Sports

108 stitches: Wednesday, Sept. 27

A few hours prior to a game against the Red Sox this month, a lefthanded hitter walked into his manager’s office and emitted two dry coughs.

“Sale-itis?” asked the manager.


“Get some rest. Should go away in about 24 hours,” the manager chuckled.


Yet in the aftermath of a Blue Jays eruption for five runs and four homers in five innings against the lefthander en route to a 9-4 victory on Tuesday, it seems fair to ask: What’s up this month?

I take a look at how familiarity against Sale has bred success.

The Sox need to give Sale a break, writes Nick Cafardo.


To the links!

ABOUT LAST NIGHT: Sale got shelled, as the Red Sox lost their second straight against the Blue Jays. Julian Benbow has the game story of a 9-4 loss.

Here’s the box score.

Sale’s stumble likely sealed a second-place finish in Cy Young balloting behind Corey Kluber, writes Scott Lauber of ESPN.com.

Blue Jays starter J.A. Happ carved the Red Sox lineup for seven innings. The one Sox lineup member who made solid contact against the lefthander was outfielder Chris Young, who went 3-for-4 with a double and triple. Prior to the game, Red Sox manager John Farrell said that Young has an opportunity to play his way onto the postseason roster with a well-timed hot streak, magnifying the significance of individual game performances such as Tuesday’s.

IN GOOD STANDING (?): The Yankees, who have had a very impressive finishing kick to the season, beat the Rays, narrowing the Red Sox’ lead in the AL East to three games with five to go. The Sox’ magic number to clinch the AL East is three; the Yankees’ is 9.

Fangraphs gives the Red Sox a 95.6 percent chance of winning the division -- excellent odds, to be sure, but an event with a probability of occurring just under 24 out of every 25 times is not quite a struck-by-lightning scenario for collapse.

There are select examples in recent memory that demonstrate that an AL East title is not yet a lock. Among them:

■ In 2011, Atlanta had a three-game lead over St. Louis in the wild-card race with five games remaining. The Braves lost all five games, and the Cardinals won four to advance to the postseason.

■ In 2009, Dave Dombrowski’s Tigers had a three-game advantage over the Twins with four games left. Detroit ended up losing a one-game playoff for the AL Central against Minnesota.

■ In 1995, Seattle led the Angels by three games with five to play. The Halos won the next five games to force a one-game playoff – though Seattle won the extra contest to claim the AL West.

■ The 1987 Blue Jays were up by 2 ½ games with five to go, lost out, and went home when Detroit overtook them on the final day of the season.

Yet those examples represent extreme aberrations. Despite the collective memory of Red Sox late-season spirals in 2011 and 1978, the lion’s share of those slides occurred well before the final handful of regular season games. Tampa Bay was already within 1 ½ games of the Red Sox through Boston’s 157th game, while the 1978 team had already fallen behind the Yankees by that stage of the season.

In other words, while it’s premature to suggest that the Sox have locked up the AL East, it’s also worth noting that a team that has not lost more than four straight games this year, and that had won nine of 10 prior to this series against the Blue Jays, remains in good shape to claim its second straight division title.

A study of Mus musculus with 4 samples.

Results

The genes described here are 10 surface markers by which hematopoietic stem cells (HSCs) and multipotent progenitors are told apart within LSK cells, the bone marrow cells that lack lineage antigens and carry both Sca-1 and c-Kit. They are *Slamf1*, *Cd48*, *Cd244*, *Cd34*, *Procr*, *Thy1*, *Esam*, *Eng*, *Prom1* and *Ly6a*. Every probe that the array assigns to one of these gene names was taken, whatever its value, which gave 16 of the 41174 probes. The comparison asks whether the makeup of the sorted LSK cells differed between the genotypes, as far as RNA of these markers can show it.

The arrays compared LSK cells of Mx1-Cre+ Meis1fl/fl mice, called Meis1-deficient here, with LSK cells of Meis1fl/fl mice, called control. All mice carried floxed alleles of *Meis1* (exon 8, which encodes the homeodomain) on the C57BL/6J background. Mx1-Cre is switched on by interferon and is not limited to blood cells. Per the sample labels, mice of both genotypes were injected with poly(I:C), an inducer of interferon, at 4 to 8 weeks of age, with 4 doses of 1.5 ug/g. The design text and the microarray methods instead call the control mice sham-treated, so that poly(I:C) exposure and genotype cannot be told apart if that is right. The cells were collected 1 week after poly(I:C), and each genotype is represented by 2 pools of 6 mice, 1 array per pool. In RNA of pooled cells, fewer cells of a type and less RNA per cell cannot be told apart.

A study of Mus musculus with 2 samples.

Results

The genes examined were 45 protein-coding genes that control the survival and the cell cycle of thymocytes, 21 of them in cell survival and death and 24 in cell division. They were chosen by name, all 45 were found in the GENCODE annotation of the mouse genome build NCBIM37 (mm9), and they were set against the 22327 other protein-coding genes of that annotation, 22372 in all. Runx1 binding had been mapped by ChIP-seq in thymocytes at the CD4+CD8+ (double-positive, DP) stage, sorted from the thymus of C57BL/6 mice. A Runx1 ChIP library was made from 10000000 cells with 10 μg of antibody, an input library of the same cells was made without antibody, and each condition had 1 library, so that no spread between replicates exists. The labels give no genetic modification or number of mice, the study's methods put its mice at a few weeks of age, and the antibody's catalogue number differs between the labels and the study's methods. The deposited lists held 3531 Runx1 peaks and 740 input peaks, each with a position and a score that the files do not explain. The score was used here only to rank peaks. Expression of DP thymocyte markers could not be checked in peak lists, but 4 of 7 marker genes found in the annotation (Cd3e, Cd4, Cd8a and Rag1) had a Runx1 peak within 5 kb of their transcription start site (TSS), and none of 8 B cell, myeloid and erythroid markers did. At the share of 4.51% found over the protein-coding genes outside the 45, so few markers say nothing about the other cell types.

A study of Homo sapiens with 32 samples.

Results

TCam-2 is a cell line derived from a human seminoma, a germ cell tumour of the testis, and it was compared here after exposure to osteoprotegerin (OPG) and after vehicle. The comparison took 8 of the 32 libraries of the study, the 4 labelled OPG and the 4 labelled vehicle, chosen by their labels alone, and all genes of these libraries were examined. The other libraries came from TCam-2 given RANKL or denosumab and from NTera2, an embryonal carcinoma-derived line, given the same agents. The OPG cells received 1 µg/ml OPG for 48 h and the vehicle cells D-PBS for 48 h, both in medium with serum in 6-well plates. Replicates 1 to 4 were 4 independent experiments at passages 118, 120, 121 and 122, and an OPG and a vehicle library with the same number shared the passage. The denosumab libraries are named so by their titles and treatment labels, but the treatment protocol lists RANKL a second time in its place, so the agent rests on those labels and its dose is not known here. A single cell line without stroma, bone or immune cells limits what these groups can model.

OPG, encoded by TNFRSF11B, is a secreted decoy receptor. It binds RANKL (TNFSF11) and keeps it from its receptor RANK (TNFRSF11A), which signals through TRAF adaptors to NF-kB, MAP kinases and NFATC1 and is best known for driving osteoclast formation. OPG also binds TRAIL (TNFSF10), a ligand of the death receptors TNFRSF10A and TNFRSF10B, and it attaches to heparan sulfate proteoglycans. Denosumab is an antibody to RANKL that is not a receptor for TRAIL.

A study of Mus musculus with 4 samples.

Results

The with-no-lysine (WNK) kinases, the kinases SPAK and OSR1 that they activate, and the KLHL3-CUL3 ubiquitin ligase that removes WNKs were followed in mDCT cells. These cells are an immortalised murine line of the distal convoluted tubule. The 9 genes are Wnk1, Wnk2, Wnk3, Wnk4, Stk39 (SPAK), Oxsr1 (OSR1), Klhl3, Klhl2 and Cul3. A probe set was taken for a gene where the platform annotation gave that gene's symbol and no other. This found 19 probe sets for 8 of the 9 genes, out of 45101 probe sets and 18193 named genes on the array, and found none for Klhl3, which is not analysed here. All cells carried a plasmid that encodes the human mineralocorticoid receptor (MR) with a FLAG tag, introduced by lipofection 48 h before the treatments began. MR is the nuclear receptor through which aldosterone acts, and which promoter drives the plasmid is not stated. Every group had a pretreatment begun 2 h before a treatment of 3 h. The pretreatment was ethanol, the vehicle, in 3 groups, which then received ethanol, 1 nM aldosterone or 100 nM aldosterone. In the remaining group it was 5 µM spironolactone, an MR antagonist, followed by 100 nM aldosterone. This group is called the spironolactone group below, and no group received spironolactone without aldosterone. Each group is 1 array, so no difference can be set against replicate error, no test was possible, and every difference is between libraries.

The Yankees aren’t conceding the East, writes Dan Martin of the New York Post.

The reward for winning the AL East is a bit unclear. Houston won and Cleveland lost, meaning that the Astros now trail by just one game for the best record (and top seed) in the American League.

PORCELLO’S TURN: Rick Porcello has an opportunity to serve as a stopper on Wednesday and to help change the disappointing tone of his post-Cy season, writes Rob Bradford of WEEI.com.

UNHEALTHY OUTLOOK: The Red Sox lineup was shorthanded, as Dustin Pedroia – originally scheduled to return to the lineup on Tuesday – remained sidelined by swelling in his knee, while Mookie Betts was out with inflammation in his left wrist and Eduardo Nunez was sidelined by his right knee injury.

John Farrell is trying to manage a wounded roster, writes Benbow.

As Cleveland proved last year, teams can withstand a host of injuries to key players – but it certainly makes life more difficult, writes Cafardo.

The mounting injuries are creating a fittingly strange conclusion to a strange year, writes Chad Finn.

One day after both Betts and Nunez left a game due to injuries, Andrew Benintendi slammed foul balls off his right shin and left knee. Benintendi expects to be fine, writes Jen McCaffrey of MassLive.com.

BREAKING UP IS HARD: When the Red Sox broke up their 2004 championship team, the wrecking ball came swiftly. It seemed as if Pedro Martinez, Derek Lowe, and Orlando Cabrera had signed elsewhere before the conclusion of the Duck Boat parades – unsentimental moves that helped the Sox pivot to the creation of their next championship team in 2007.

The core of the 2015 Royals team that won a championship was different. The group, who broke into the big leagues and found their strides as if in lockstep, remained together for the 2016 and 2017 campaigns, prolonging the sense of an open championship window in a city that had waited 30 years for such a development.

Now, with the core of Eric Hosmer, Lorenzo Cain, Mike Moustakas, and Alcides Escobar on the cusp of a free-agent diaspora, there’s a sense of melancholy for the conclusion of an era in Kansas City. Sam Mellinger of the Kansas City Star looks at the magic that the group created together.